Navy’s newest amphibious warfare ship may fill flagship role for RIMPAC drills
FORT SHAFTER, Hawaii — This summer’s Rim of the Pacific naval exercise in Hawaii is expected to include one of the Navy’s newest amphibious warfare vessels as its flagship, the Army firing a Navy missile into the sea and a first-ever innovation fair.
The USS Portland has been chosen tentatively to serve as RIMPAC’s flagship, Capt. Brian Metcalf, the program manager for LPD amphibious warfare vessels, said earlier this month at the Surface Navy Association’s annual symposium in Arlington, Virginia, according to USNI News.
However, the final decision on that flagship designation will not be made until a RIMPAC planning meeting in early April, Navy officials said.
The Portland will become the Navy’s 11th San Antonio-class amphibious transport dock ship after its ceremonial commissioning event scheduled for April in Portland, Oregon.
The ship is slated this fall to be fitted with the next generation of the Navy’s laser weapon system for testing, according to USNI. The previous iteration was tested in the Middle East aboard the USS Ponce.
All 26 nations, including China, that participated in the 2016 RIMPAC have been invited formally to the 2018 biennial international maritime exercise, the world’s largest.
New this year will be the Army’s land-based launching of a Navy missile to sink a ship at sea. The missile will be launched from an Army heavy expanded mobility tactical truck, said Col. Christopher Garver, a U.S. Army Pacific spokesman. The missile will be fired from Pacific Missile Range Facility Barking Sands on the Hawaiian island of Kauai, he said.
A Japanese unit also will fire a missile during a sinking exercise, Garver said.
The decommissioned frigate USS McClusky and the retired tank landing ship USS Racine are expected to be used as targets during the sinking exercises, the Navy said.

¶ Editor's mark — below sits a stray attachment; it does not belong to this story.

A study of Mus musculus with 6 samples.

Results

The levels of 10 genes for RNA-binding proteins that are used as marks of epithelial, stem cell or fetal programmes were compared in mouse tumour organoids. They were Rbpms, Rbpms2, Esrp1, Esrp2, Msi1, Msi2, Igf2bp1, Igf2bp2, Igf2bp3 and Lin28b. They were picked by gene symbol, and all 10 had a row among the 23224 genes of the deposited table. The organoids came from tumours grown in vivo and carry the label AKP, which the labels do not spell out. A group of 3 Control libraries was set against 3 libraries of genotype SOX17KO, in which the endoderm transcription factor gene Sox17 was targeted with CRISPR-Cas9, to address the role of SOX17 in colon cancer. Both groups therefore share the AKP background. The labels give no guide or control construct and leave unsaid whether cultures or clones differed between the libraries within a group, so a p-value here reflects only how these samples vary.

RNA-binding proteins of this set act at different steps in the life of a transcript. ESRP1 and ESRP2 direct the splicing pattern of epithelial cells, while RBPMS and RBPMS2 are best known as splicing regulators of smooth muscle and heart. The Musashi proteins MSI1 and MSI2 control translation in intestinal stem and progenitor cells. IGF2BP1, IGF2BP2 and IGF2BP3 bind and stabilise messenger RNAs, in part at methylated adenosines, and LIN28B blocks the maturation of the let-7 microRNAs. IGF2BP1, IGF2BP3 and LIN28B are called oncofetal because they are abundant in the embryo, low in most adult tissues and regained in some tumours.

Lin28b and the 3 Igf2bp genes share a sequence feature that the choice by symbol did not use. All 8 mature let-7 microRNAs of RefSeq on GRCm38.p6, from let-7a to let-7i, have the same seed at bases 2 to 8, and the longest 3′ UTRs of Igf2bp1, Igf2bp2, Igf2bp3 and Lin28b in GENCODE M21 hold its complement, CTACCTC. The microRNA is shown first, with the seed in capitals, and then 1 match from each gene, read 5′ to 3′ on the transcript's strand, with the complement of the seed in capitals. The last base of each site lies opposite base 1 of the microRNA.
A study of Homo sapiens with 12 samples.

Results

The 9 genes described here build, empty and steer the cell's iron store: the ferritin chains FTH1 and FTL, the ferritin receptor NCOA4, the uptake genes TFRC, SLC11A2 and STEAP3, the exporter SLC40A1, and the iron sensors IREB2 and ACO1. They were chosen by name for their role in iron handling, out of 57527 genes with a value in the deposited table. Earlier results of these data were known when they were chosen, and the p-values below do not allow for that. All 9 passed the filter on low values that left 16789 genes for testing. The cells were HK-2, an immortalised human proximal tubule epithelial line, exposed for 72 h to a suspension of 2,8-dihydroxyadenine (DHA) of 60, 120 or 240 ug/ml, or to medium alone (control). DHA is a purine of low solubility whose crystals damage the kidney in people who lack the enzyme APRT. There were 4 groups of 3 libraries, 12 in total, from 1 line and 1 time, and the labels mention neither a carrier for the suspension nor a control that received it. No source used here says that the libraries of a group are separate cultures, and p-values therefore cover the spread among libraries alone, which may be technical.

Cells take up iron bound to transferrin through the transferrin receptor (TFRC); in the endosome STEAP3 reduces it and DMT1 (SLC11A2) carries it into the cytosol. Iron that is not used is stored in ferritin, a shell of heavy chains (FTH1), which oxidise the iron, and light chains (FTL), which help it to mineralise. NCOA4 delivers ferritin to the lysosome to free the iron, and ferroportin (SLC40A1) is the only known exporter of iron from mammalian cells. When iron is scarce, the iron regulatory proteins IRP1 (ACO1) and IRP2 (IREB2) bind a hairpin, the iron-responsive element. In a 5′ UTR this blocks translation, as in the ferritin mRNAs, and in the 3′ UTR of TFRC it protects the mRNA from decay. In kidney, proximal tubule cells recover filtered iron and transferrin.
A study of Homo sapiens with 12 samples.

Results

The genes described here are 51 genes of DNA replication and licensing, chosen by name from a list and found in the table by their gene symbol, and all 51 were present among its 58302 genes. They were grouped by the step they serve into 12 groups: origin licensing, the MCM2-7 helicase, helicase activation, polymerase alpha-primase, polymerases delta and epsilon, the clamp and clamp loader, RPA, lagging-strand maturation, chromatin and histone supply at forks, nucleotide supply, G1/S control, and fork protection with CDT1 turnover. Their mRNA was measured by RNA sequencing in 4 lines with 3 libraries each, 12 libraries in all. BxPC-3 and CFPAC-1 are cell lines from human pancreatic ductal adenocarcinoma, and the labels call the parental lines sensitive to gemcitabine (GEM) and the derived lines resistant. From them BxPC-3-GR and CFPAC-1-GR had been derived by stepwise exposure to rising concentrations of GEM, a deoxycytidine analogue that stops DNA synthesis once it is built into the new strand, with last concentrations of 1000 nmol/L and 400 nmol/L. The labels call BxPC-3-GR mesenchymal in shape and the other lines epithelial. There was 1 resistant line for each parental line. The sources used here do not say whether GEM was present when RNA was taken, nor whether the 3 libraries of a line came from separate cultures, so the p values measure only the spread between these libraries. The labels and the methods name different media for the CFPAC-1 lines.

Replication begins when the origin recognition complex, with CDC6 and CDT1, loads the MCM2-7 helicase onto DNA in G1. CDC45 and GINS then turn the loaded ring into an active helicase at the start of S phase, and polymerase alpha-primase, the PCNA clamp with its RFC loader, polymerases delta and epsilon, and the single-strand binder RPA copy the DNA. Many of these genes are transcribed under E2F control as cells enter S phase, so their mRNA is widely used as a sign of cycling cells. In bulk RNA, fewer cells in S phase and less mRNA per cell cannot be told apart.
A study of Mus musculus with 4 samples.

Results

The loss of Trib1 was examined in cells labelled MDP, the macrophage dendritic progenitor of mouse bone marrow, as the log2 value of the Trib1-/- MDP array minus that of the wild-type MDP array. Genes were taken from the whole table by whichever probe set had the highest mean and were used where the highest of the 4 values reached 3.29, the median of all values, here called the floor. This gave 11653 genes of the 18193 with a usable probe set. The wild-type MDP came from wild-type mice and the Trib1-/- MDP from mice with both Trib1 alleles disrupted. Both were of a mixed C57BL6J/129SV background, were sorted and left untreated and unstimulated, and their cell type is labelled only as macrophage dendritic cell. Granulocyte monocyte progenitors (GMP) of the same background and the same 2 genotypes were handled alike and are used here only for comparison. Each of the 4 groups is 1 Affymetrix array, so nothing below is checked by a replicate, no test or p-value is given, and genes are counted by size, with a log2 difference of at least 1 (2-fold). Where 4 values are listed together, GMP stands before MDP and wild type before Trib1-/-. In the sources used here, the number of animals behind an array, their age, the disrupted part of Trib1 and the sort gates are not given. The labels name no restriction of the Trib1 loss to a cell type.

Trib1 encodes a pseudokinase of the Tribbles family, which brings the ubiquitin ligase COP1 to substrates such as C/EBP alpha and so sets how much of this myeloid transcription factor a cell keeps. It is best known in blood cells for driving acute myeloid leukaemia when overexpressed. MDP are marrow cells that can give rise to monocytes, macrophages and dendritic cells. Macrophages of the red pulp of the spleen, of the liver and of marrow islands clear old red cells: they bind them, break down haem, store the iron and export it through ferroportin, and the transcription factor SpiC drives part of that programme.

The Army’s missile drill was prompted by a challenge in 2016 by U.S. Pacific Command chief Adm. Harry Harris for the Army to operate outside its typical land-based domain, Garver said.
“Simply put, this concept provides us a way to ensure access to the global commons in the run-up to war and [to] fight in those same commons should war come,” Harris said last year of the multidomain battle concept that spawned the coming missile drill. “Components must increase their agility and provide support to each other across the warfighting domains.”
This year’s RIMPAC will continue to build on the growing importance of experimentation during the exercise by holding the first-ever innovation fair at Joint Base Pearl Harbor-Hickam.
The four-day event — slated for June 28 through July 1 — will include exhibitions, displays, contests and special events.
But unlike innovation fairs in which vendors and industry officials showcase technology or products for sale, this event is a chance for government offices and government-sponsored academic institutions — both U.S. and foreign — to display and demonstrate technological capabilities they are developing.
The displays are intended to focus on port and harbor security, robotics systems, virtual and augmented reality, green energy, disaster relief, among others.